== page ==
Create account Log in

Accelerator Deluxe


Download links and information about Accelerator Deluxe by The Future Sound Of London. This album was released in 1991 and it belongs to Electronica, House, Techno, Industrial, Jazz, Rock, Dancefloor, Dance Pop, Bop genres. It contains 22 tracks with total duration of 02:03:49 minutes.

Artist: The Future Sound Of London
Release date: 1991
Genre: Electronica, House, Techno, Industrial, Jazz, Rock, Dancefloor, Dance Pop, Bop
Tracks: 22
Duration: 02:03:49
Buy on iTunes $9.99
Buy on Amazon $7.49


No. Title Length
1. Expander 5:40
2. Stolen Documents 5:12
3. While Others Cry 5:27
4. Calcium 5:23
5. It's Not My Problem 4:02
6. Papua New Guinea 6:45
7. Moscow 3:35
8. 1 In 8 4:36
9. Pulse State 7:14
10. Central Industrial 4:27
11. Expander (Remix) 4:51
12. Moscow (Remix) 4:53
13. Papua New Guinea (Blue States Full Length Mix) 5:47
14. Papua New Guinea (Mellow Magic Maze Mix) 5:30
15. Papua New Guinea (Simian Mix) 3:44
16. Papua New Guinea (Oil Funk Dub Mix) 5:10
17. Papua New Guinea (Dumb Child of Q Mix) 4:25
18. Papua New Guinea (Hybrid Full Length Mix) 8:33
19. Papua New Guinea (Satoshi Tomiie Main-Path) 10:44
20. Papua New Guinea (Monsoon Mix) 4:51
21. Papua New Guinea (Andrew Weatherall Full Length Mix) 11:40
22. Papua New Guinea (Dub Mix) 1:20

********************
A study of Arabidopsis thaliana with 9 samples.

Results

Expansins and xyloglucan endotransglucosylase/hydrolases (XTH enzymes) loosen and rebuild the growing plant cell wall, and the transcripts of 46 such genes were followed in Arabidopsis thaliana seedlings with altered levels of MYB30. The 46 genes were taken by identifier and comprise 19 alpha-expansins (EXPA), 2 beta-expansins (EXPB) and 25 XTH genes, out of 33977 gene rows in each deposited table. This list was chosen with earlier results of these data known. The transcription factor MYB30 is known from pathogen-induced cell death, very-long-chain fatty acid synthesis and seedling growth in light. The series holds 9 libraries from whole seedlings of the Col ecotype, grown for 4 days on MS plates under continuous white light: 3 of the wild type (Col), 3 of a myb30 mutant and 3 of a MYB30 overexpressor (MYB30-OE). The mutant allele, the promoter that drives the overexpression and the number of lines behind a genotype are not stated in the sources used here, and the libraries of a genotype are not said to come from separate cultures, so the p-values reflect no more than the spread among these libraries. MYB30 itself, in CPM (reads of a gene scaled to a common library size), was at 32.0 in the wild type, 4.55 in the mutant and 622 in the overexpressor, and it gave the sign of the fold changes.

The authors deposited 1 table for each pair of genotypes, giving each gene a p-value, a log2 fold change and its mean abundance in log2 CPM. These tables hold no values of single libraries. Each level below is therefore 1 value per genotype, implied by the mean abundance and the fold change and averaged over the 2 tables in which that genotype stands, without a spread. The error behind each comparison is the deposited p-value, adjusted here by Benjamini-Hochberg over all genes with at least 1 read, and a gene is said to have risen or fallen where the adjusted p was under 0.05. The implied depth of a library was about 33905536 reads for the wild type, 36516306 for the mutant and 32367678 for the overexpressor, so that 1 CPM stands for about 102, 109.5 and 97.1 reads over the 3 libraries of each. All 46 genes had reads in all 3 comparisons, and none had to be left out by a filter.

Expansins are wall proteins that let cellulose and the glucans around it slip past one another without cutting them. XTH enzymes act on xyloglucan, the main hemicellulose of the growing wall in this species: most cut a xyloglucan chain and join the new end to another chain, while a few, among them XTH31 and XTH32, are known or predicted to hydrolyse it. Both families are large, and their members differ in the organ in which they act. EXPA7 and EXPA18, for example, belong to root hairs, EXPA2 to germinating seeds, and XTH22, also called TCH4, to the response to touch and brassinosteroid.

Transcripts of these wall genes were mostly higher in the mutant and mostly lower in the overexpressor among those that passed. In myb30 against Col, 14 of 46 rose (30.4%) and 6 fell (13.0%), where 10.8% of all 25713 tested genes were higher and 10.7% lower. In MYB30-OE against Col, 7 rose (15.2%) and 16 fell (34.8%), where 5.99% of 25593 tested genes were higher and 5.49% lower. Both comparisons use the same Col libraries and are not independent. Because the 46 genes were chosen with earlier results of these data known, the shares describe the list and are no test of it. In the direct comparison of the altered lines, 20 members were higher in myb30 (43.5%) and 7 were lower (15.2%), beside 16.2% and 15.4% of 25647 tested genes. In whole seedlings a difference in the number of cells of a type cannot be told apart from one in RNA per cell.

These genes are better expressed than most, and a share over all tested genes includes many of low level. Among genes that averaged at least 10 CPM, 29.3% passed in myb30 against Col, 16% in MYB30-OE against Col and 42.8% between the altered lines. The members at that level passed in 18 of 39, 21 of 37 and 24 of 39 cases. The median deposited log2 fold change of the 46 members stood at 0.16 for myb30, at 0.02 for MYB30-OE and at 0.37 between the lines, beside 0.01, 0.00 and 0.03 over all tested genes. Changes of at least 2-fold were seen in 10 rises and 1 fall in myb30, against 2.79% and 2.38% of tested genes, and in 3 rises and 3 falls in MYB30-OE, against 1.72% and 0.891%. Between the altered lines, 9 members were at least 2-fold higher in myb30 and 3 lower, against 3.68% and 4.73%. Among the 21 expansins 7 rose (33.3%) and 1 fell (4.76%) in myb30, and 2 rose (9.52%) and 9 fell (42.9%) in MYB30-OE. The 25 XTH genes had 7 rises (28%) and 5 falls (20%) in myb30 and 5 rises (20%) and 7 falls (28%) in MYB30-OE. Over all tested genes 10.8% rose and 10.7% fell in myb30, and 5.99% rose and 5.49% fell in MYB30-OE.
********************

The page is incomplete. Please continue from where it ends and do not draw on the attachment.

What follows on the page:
Compared to where most of the band's career would later go, Accelerator is a fairly conventional debut from the duo — certainly it's the most explicitly commercial-minded the duo ever was, slotting in well with many other early-'90s U.K. dance/techno outfits. As such it's also arguably the least cryptic and most approachable release for newcomers, holding up well a decade after its original appearance. Rather than focusing on ambient experimentalism or industrial noise destruction, here Future Sound of London sound like a straightforward if at times inspired act, whose tendencies to push the envelope are secondary to keeping the beat going. The main reason to listen remains its awesome single "Papua New Guinea," blending a treated vocal sample from Dead Can Dance's Lisa Gerrard with a slightly sped-up James Brown drum loop and other, more shadowy touches like echoed piano. The result combines exaltation, energy, and atmosphere into a dramatic result, as danceable as it is subtly threatening. At various points on Accelerator, FSOL show an inspired focus on breakbeats as much as acid pulses; while nowhere near as frenetic as other early hardcore/jungle creations, the music clearly leans towards those records in inspiration. "Expander," which also appears in a remix at the end, makes for a good start for the album along those lines, while "Central Industrial" plays around with more distorted rhythms. At other points FSOL follows in more conventional veins — "Stolen Documents" is practically an early 808 State track in all but name — while throwing in odd noises and background quirks which in later years would dominate their own compositions. "It's Not My Problem" in particular is a fun little creepout, a flat semi-robot voice declaiming the title as needed while buried synths create a darker mood amidst the regular beat and additional, echoed percussion hits. [A 2002 edition released in America through Hypnotic added a bonus disc of "Papua New Guinea" remixes, with post-production from Andrew Weatherall and Satoshi Tomiie, among others.]